Atlantic coking coal: US prices stabilise


US export coking coal prices have stabilised in the past few days following the recent seaborne downturn, as firmer Asia-Pacific price conditions lent support while some discussions are understood to be underway for new bookings.

The Argus weekly fob Hampton Roads assessment for low-volatile coking coal is at $183/t today, down on the week by 50¢/t. The weekly fob Hampton Roads assessment for high-volatile type A (HVA) coking coal is down by $1/t at $194/t but the high-volatile type B (HVB) assessment has edged up $1.50/t to $158/t.

Atlantic trading activity is still fairly subdued, but some market participants confirm a few enquiries particularly for US material. More enquiries are expected to emerge in the next few weeks as mills look to fill gaps in their delivery schedules for the coming months, following a cautious approach to bookings in the fourth quarter.

Near-term price outlooks remain mixed, but US producers are confident that prices for high-volatile grades will continue to gain some support from tight supply fundamentals for the time being.

One producer noted that widespread speculation that Asia-Pacific prices have bottomed out may now spur some European mills to step forward and book additional tonnage, but the mills themselves are yet to confirm any such mind-set with actual purchases.

Ongoing US-China trade talks are also bolstering US sentiment, with some sellers hoping to regain access to the Chinese market if Beijing lowers its import tariff on US coal, and one major producer understood to be looking at Chinese opportunities closely.

That said, some US tonnage that was previously sold to China has already found a new home either in South America or with domestic US mills, indicating that US coking coal suppliers are by no means reliant on regaining access to the Chinese market in order to maintain strong sales.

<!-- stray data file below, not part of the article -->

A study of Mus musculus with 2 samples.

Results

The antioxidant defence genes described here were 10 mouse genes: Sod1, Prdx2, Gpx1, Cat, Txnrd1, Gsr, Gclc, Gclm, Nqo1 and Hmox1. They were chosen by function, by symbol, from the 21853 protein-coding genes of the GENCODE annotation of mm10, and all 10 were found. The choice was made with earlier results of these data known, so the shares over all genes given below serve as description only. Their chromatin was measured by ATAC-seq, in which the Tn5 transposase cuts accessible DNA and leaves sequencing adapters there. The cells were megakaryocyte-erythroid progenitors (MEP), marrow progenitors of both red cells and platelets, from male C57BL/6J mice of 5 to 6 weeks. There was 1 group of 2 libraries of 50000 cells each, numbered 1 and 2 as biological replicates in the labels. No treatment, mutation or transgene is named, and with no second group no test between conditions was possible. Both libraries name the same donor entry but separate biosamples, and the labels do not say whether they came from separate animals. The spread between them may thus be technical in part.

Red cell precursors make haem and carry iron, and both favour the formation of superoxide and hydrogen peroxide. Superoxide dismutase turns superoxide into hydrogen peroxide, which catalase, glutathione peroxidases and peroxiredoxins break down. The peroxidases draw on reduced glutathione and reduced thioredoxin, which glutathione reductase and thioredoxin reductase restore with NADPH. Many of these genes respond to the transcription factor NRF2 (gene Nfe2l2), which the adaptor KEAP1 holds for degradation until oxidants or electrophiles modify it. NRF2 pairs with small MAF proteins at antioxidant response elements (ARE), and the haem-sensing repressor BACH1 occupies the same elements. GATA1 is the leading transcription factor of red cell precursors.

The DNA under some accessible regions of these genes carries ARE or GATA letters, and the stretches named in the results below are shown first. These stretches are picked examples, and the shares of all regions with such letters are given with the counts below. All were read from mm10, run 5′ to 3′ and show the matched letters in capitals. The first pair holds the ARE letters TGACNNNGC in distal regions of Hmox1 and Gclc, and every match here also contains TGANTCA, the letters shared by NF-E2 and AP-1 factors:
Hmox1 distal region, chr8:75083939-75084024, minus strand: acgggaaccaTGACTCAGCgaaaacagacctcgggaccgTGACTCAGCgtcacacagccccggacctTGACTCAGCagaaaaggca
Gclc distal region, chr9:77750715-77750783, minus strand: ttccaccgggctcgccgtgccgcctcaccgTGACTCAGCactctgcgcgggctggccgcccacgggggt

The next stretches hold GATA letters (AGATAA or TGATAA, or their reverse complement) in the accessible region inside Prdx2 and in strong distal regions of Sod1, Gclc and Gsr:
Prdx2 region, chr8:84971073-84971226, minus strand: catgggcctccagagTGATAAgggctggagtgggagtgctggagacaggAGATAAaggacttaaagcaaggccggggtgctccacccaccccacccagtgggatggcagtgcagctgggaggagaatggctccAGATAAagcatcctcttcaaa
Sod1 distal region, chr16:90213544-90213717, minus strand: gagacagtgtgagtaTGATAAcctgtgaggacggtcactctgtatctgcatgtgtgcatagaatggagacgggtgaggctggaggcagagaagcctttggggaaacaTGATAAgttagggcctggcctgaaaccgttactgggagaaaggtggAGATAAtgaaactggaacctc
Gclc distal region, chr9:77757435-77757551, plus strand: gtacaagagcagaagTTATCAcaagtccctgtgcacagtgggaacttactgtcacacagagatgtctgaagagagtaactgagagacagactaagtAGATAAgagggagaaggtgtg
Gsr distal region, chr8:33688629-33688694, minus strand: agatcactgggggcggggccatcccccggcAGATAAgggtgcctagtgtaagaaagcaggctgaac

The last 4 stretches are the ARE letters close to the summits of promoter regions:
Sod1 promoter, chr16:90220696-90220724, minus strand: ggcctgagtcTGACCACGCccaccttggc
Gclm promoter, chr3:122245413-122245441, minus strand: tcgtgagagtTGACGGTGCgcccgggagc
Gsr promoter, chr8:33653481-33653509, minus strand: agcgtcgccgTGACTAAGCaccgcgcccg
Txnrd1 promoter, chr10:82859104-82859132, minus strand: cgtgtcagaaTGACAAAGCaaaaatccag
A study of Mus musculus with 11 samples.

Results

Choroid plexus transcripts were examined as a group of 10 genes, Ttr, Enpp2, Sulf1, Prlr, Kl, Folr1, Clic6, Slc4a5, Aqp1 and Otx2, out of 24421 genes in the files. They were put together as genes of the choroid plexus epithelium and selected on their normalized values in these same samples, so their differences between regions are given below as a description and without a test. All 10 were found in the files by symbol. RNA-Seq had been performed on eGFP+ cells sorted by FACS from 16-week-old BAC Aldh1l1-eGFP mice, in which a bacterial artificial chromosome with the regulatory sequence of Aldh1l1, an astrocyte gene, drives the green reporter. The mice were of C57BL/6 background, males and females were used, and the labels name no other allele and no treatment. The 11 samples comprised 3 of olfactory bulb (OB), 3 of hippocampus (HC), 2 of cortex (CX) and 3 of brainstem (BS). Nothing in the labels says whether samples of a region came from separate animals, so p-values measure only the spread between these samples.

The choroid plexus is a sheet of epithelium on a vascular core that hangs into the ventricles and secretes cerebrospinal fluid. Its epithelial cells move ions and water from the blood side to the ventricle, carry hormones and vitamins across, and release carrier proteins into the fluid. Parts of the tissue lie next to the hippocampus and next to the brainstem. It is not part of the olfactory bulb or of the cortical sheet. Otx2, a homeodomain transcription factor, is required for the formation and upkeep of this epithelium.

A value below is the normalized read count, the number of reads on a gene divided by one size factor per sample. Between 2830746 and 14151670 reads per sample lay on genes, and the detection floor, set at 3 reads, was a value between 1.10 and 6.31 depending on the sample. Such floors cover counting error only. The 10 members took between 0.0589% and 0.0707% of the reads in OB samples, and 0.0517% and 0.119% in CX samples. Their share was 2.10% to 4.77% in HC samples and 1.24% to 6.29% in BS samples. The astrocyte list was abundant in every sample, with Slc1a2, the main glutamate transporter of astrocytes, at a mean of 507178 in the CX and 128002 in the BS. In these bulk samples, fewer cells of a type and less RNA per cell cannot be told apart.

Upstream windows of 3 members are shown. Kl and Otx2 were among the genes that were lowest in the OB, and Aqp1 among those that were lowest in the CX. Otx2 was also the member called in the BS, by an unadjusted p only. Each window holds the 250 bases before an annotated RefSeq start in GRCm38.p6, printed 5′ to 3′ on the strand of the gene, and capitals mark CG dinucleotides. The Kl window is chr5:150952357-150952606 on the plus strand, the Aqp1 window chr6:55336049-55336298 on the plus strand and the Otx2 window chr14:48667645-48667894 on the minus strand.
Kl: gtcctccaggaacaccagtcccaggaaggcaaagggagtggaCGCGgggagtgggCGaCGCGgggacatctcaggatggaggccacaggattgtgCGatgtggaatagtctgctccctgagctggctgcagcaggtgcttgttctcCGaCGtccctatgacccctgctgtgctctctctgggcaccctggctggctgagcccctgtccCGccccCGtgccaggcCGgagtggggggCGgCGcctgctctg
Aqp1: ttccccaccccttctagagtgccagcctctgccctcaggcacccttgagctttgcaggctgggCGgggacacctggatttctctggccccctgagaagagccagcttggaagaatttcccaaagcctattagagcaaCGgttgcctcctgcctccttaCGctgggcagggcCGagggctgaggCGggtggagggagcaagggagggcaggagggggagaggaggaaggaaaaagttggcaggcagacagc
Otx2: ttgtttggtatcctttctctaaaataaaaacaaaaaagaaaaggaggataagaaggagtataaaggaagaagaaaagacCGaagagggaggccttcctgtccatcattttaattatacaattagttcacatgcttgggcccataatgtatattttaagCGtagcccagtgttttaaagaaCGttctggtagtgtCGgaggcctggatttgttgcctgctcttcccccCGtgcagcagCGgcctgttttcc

Looking to Australian supply, vessel tracking data indicate a spate of fixtures from Queensland to the Netherlands, due for January departure and likely arrival in March. The five vessels lined up so far for January will be carrying a combined 877,721t of coal, of which at least 600,000t is estimated to be coking coal.

To put that volume in context, December line-ups indicated four vessels with a combined 625,237t leaving Australian ports for Europe, of which at least 450,530t is estimated to be coking coal. Two of those vessels were bound for the Netherlands, with the remainder marked for Poland and France.

Freight rates choppy

Delivered prices into Europe are being subjected to choppy freight market conditions, with some sharp spot movements lately. Capesize rates from Queensland to Rotterdam fell by $2.75/t week on week to $11.50/t yesterday, but edged up to $12.20/t today due to an iron ore rally. The recent downturn was in part owing to seasonal factors, but further exacerbated by China’s lunar new year falling earlier this year than in 2018.

Capesize freight rates face an uncertain medium-term outlook, with market participants wary of a steep year on year rise in bunker fuel prices, and also wary that the global fleet might contract this year as vessels are temporarily removed to have scrubbers installed.

Panamax freight rates from the US east coast to Rotterdam have also come under pressure lately amid an oversupply of dry bulk vessels, last assessed by Argus at $9.25/t.